2nd March 2018Category: Working Carers
Technology has become a part of our lives so quickly that we can become dependent on it in a short space of time. For example the Internet is integrated into our daily lives and all age groups are using it. Technology is having a big impact on the medical world as well as the care sector. It can support someone to remain safe and help stay living at home for longer or to detect life threatening conditions. This week we have selected a range of devices and products to show you how technology can support you as a carer and how it may impact us all in society.
Landline and mobile phones have now been designed so they can block nuisance calls. They also can be pre-programmed with frequently used numbers. It means you only have to press a button to contact a relative. Some telephones are even designed so only pre-set numbers can be dialled.
Barclays are currently working on a ‘carers cards’ that will be launched this year. It is a card linked to the account of the person you care for. The debit card will have a separate PIN, have a limit set on the spending and restrictions on where it can be used. This will make shopping and paying bills a lot easier as well as reassurance to both parties especially those who do not have power of attorney.
If the person you care for has dementia, how to keep them safe in their home can be a worry, especially if they live alone. You want to ensure they still have independence even though the level of risk has increased. There are lots of devices out there to reduce these risks. Products such as:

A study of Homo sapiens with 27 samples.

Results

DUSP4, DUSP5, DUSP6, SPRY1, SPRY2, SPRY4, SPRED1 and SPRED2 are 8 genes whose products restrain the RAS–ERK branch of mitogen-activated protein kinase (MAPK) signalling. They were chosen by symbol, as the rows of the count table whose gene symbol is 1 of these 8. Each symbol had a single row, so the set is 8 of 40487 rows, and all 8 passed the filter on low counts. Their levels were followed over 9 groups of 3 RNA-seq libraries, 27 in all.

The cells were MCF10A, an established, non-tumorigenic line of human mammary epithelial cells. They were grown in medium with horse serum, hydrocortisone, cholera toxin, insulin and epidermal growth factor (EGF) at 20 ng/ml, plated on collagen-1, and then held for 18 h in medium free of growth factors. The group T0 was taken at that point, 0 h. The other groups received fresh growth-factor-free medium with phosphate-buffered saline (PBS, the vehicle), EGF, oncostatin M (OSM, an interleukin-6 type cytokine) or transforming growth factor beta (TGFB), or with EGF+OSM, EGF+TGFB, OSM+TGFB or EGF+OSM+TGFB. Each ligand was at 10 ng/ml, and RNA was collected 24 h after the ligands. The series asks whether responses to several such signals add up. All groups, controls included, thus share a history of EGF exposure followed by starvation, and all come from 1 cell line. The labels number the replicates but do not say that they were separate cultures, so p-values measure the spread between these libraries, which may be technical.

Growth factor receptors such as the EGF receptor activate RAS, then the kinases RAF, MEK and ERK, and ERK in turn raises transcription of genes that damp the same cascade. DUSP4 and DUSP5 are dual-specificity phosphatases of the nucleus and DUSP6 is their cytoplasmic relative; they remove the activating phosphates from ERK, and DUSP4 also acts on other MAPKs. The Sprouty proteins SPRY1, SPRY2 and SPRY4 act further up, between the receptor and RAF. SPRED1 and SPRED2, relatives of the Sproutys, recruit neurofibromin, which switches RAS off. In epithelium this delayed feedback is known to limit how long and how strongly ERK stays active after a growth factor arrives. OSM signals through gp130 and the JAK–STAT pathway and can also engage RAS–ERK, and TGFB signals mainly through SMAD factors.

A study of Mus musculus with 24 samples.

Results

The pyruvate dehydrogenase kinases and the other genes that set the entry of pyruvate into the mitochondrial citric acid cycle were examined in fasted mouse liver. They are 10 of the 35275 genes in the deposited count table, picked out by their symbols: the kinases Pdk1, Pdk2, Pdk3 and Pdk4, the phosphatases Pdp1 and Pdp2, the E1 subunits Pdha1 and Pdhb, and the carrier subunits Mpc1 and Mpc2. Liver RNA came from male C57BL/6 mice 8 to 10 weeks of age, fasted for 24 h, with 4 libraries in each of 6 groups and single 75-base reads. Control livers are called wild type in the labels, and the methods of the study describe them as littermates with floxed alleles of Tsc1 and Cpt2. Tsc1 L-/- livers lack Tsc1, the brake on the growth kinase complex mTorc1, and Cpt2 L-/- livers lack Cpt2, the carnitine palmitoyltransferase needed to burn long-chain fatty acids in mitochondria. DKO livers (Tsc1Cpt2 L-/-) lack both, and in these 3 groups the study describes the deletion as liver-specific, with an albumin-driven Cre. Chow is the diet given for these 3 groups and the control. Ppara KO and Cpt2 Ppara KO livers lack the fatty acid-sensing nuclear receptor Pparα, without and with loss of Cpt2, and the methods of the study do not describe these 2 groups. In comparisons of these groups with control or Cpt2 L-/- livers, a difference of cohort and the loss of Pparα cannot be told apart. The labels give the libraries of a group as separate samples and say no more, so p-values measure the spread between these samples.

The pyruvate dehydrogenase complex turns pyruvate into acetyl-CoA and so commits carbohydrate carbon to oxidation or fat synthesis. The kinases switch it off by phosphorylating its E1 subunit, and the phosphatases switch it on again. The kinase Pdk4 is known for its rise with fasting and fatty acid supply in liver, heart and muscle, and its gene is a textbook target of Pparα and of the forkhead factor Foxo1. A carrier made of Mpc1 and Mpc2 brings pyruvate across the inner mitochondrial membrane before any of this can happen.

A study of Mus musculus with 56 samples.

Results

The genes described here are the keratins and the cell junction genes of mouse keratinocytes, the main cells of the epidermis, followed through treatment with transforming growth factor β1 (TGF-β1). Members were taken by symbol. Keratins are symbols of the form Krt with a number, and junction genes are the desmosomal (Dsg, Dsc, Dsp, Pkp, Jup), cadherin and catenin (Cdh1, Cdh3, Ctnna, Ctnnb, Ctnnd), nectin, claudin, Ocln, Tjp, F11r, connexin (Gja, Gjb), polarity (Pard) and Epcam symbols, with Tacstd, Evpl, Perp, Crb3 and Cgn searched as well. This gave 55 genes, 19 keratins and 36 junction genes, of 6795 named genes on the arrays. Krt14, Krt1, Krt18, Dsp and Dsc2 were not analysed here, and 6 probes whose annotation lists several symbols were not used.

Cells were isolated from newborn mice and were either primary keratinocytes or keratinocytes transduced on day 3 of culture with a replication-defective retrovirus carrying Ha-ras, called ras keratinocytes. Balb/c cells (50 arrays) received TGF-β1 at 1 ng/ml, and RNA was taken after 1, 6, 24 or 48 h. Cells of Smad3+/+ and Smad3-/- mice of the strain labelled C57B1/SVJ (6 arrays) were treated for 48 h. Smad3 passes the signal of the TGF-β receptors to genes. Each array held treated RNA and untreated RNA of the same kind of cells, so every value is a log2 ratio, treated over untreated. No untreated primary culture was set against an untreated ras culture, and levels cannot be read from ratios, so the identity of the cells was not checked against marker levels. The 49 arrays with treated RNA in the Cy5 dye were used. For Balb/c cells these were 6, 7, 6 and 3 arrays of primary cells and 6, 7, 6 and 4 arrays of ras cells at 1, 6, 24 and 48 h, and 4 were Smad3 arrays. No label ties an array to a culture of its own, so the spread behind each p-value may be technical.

These can be used to help someone find things they regularly misplace, such as keys or a wallet.
A small electronic tag is attached to each item and if the item is mislaid you just click a button on the locator device to make the tag beep.
If your loved one acknowledges they are at danger of falling or becoming lost, with no way to communicate or get help (for hours or perhaps days) what to do next can become a dilemma for the family.
Many people are turning to GPS technology embedded in products so help can reach them in an emergency as quickly as possible. It is providing peace of mind as reports show that 60-70% of people with dementia and Alzheimer will get lost at least once, and nearly 50% can die if they aren’t found within 24 hours.
The technology can range in its capabilities but they tend to include:
As you all know, Cumbria’s signal can be patchy at best so the tracker may not work as well as expected. Plus there is the assumption that the person you care for will remember to wear or take the device with them.
The NHS has launched a new device in England designed to accelerate the diagnosis of atrial fibrillation (AF), the most common arrhythmia (irregular heart rhythm disorder) and a contributing factor of up to one in five strokes in the UK. The device, about the size of a credit card works with a smartphone or tablet to record electrical activity through a person’s fingertips. The app saves the recordings so they can be shared with doctors.
In November 2017 a pilot scheme in greater London was launched for NHS patients, offering GP consultations via videolink on smartphones. Patients check their symptoms through the mobile app and then have video consultations within two hours of booking. There are concerns about this method being used for more complex issues however this pilot scheme shows potential for the future of GP services.
There are lots of different medication aids available on the market for people who need reminding about their medication schedule. It may help to talk to a pharmacist about the best option. Automatic dispensers for pills mean when medication needs to be taken, the dispenser sets off an alarm and the right compartment opens, allowing the person to access their medication. The alarm may continue until the pills are removed from the dispenser.